Note: This column and the associated video clips are from a panel at Kleiner Perkins Caufield & Byers (KPCB)’s 12-200 Engineering Meet-Up on October 24, 2013. At the event, Mike Abbott, Partner at KPCB, Matt Rogers, Founder and VP of Engineering at Nest Labs, Eric Feng, CTO at Flipboard and Abhi Khune, Engineering Manager – Infrastructure at PInterest, discussed best practices and lessons learned in scaling technology platforms, recruiting top talent, and more. This is the third post of a four-part series.
Sometimes even the smartest manager will make bad hires. How should you deal with underperformers?
How to fire weak engineers was discussed at length during a recent panel on hiring engineering teams hosted by KPCB general partner Mike Abbott at the KPCB offices in San Francisco. Participants included Abhi Khune, Engineering Manager of infrastructure at Pinterest; Flipboard CTO (and Kleiner alum) Eric Feng; and Nest founder and engineering VP Matt Rogers.
Feng says the key is to manage the situation quickly and decisively. He believes that 99% of people are actually relieved, if not necessarily right away. A lot of them actually call to thank me, he says. “You have to pull off the Band-Aid. You can’t have a problem and not confront it.”
Khune notes that the toughest situation involves people who aren’t terrible, but aren’t living up to expectations, either.
And according to Rogers, Nest spends 80% of their time on the top 20% of performers. “We need to keep the racehorses running as fast as possible,” he says. Rogers adds that he’s not a believer in annual performance reviews – that they give feedback on a continual basis. “We do reviews every day,” he says. “Our team appreciates it.”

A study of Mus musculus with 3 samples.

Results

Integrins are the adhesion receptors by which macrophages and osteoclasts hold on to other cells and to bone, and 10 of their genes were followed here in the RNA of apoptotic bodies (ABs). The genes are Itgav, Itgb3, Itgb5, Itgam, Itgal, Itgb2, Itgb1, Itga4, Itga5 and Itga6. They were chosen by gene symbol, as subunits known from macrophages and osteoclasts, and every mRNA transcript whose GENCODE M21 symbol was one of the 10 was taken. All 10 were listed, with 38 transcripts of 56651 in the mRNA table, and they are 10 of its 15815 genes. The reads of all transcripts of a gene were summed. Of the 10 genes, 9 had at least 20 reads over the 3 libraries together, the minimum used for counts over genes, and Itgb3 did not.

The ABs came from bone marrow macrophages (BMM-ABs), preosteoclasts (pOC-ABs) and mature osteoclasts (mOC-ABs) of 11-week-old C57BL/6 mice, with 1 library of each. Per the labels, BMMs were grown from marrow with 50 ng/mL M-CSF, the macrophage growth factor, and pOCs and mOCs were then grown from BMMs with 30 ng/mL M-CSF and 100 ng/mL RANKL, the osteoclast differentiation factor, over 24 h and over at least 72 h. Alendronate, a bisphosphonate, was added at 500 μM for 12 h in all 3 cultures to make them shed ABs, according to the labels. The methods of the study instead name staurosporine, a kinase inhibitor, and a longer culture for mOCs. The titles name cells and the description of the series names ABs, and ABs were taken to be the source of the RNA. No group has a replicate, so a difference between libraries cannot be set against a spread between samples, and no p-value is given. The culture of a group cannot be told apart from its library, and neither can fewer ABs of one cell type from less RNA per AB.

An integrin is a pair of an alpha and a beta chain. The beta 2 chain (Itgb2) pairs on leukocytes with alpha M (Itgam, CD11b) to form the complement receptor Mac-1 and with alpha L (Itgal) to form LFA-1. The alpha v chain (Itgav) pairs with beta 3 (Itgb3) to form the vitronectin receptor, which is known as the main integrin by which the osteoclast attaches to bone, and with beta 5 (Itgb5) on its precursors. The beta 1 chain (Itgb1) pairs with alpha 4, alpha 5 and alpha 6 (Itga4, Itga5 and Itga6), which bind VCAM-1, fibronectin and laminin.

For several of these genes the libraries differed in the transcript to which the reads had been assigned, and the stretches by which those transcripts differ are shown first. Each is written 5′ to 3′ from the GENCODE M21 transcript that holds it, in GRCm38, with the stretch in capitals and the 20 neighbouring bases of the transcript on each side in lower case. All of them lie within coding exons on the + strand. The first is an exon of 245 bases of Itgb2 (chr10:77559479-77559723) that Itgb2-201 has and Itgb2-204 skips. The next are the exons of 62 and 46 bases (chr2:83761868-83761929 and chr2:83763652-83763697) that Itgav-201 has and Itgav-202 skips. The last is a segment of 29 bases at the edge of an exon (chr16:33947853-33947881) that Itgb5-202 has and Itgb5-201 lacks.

So, you’ve started a new company and you’re busily writing code. What processes do you need in place to manage your creations?
Feng asserts that the required processes depend largely on what stage of evolution your company has reached. He sees three stages. (1) In the early days, with a small team, you can have a loose structure. (2) As you build out a large team, you need to delegate work and find ways to boost efficiency. (3) You have teams of teams, and need more processes to keep things under control.
Think you need to hire people to test your software? Not anymore – at least if you happen to be a consumer-facing Internet company.
Feng compared the software testing processes at his former employer, Microsoft, and Facebook: Microsoft has a 2-to-1 ratio between testers to developers, while Facebook’s approach is to test things by rolling them out to users, making testers obsolete.
Rogers notes that Nest is more like Microsoft, spending a lot of time and money on testing (Which makes sense for a company that just rolled out a new smoke detector).